Eloghosa Osunde has written one of the most talked-about books of 2022. Her debut novel, “Vagabonds”! introduces audiences to complex characters navigating life as outliers in a society that sometimes refuses to see them. While fiction can sometimes be alienating, Eloghosa’s work feels real, familiar even, and a reminder that beneath every smile and encounter lies a stranger’s story waiting to be told. 

While I had my own questions about the book and her writing process, I thought it’d slap harder if I invited some of her biggest fans to submit questions for the rockstar storyteller. They asked and she answered. 

What are you feeling right now? 

I’m feeling… overjoyed. I’m a little exhausted. In love. At ease. In awe. Thankful. 

How do you weave your characters into being? I’m curious about how you craft these characters in a way that feels so real to the rest of us. 

By listening to the story and what it needs; by listening to the characters and what they want to share; by thinking seriously of stories as powerful forces that can (and do) alter our lived realities. When I remember to do these things, what I choose to write about and how far I will let myself go reflects them too.

Are you a linear or non-linear writer? 

Neither and both. Some stories move from start to finish. Some start at the end, others in the middle. I do what each story needs.

Tell me about your connection to Benin and how it influences your work? 

My entire lineage is from Benin, and because of this, there aren’t many things about life that shock me. You’ll know what I mean if you’ve been there or are from there. Hard to explain, but basically, almost everything in Benin is openly spiritual. Almost anything can happen right in front of your eyes. Seeing Benin at different points in my life is part of why spiritual and physical realms are interwoven to me. I write how I see, so the stories carry this energy too.

Do you ever worry that people might misunderstand your work? 

Not so much anymore. I used to, until a few years ago. But even then, I had more pressing anxiety about people seeing my work before I felt ready to share it. If something I’ve made feels complete or clear to the people who know me or to the people it’s for, other people’s understanding (beyond that point) only affects me if I’m also joining them in misunderstanding myself. I understand my work enough for that not to happen often. I’m also blessed with readers who take their time to read what I’m saying, who share their insights as they go, and I’m so thankful for this because it makes it so much easier to ignore those who don’t.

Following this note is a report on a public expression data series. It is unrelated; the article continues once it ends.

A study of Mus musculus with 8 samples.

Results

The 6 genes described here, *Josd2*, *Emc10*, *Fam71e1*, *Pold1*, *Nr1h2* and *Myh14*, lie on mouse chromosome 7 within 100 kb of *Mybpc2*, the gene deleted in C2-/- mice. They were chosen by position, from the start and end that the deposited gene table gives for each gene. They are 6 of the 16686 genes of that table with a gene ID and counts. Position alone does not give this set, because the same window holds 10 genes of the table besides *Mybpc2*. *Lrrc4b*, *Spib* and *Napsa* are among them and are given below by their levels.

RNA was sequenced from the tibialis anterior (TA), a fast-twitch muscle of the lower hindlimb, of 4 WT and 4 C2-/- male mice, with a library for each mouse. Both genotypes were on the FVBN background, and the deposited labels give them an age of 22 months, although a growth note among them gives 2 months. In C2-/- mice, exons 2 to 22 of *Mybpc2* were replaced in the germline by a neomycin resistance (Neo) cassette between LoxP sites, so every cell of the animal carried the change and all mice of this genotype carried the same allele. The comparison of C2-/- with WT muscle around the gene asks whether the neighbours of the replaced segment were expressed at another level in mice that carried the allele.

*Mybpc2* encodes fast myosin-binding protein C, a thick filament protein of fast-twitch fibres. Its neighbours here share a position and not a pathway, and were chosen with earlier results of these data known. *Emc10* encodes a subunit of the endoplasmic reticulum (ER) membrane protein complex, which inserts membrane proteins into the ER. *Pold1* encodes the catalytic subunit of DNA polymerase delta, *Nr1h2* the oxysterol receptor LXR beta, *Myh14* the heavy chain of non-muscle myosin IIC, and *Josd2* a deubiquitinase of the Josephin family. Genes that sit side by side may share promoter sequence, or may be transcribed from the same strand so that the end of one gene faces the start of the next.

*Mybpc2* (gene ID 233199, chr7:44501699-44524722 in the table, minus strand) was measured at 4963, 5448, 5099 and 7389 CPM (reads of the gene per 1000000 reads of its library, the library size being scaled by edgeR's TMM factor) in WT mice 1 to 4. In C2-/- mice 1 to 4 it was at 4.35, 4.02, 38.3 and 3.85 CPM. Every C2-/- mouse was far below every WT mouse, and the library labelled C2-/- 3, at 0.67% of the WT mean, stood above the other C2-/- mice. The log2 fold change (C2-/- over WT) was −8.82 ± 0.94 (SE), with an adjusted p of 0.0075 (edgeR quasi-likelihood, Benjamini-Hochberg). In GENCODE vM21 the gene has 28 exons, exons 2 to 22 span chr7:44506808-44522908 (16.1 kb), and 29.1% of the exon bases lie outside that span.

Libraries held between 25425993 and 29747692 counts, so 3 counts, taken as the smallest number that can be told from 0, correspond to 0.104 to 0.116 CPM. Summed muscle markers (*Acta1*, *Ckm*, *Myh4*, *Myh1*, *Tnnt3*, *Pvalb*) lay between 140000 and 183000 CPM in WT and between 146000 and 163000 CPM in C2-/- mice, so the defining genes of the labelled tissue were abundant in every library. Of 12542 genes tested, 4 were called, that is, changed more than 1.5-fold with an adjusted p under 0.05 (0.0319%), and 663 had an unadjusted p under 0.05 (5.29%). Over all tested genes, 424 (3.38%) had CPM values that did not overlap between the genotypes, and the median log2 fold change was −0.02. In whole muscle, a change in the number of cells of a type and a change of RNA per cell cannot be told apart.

How much of your work is really fiction? Do you see the world the same way your characters do?

I don’t know that what I write is always fiction. It’s storytelling and a kind of literature that feels personal, historic and ancient. Sometimes, I search for characters in my mind who have answers I don’t. Sometimes, I write a character as a way to reach out to a past or future self. Many of the characters I write could easily be in my life. Like the protagonist in Good Boy. Or Maro. Or May. Daisy and Divine are familiar to me. So is Rain. So is Wura. Other characters you haven’t met yet, too. They’re part of my community, so writing these stories is like encountering spirits of all ages who trust me and who I trust to help me navigate this life. Sometimes, I make that process public. Other times, I don’t.

What did 2020 do and undo for you when it comes to your writing? 

It undid my relationship with urgency. Being forced to slow down helped me make a new writing pace and practice that involves more patience and care.  

Be honest, are you TaTaFo? 

How?! DKM.

You’ve spoken about making time for work and for joy. Considering how you have a lot going on right now, how you dey run am

My daily life is full of joy and that makes me happy. I make sure I don’t miss out on beautiful ordinary moments at home or pressure myself to be busier than I need to be. I say no to opportunities that don’t serve me and take every single chance to celebrate milestones as they happen. The people in my life make that experience so much richer. I’m thankful for them.

You wrote this book for queer babies like me, and while I’ve taken so much from this book already, I still have to ask: What feeling do you want us to walk away with when we put down this book? 

I’m so glad you enjoyed this reading experience! What feeling do I want readers to walk away with? Whatever feels true. Seriously. People have been paying attention to the parts of the book that strike them, move them, or create a new desire they thought was impossible before. They’re taking scenes, language and passages, and applying them in real life. I love that I get to see this in real-time. For queer people who read this book, I hope that somewhere in the mix of things you’re probably feeling, there’s hope, courage and the reminder that nothing is impossible, whether that is a lasting love or a community of people who get you for you, or a whole new family, or dance and laughter after a rough patch. 

Is it too soon to ask what’s next? 

The answer isn’t one thing, and I’m not ready to share that yet.

Take away the inspiration behind the title. What does it mean to be a Vagabond! according to Eloghosa Osunde? 

To be free, audacious, self-accepting and gracious. To be an outsider of any kind. To be a strange thing without remorse.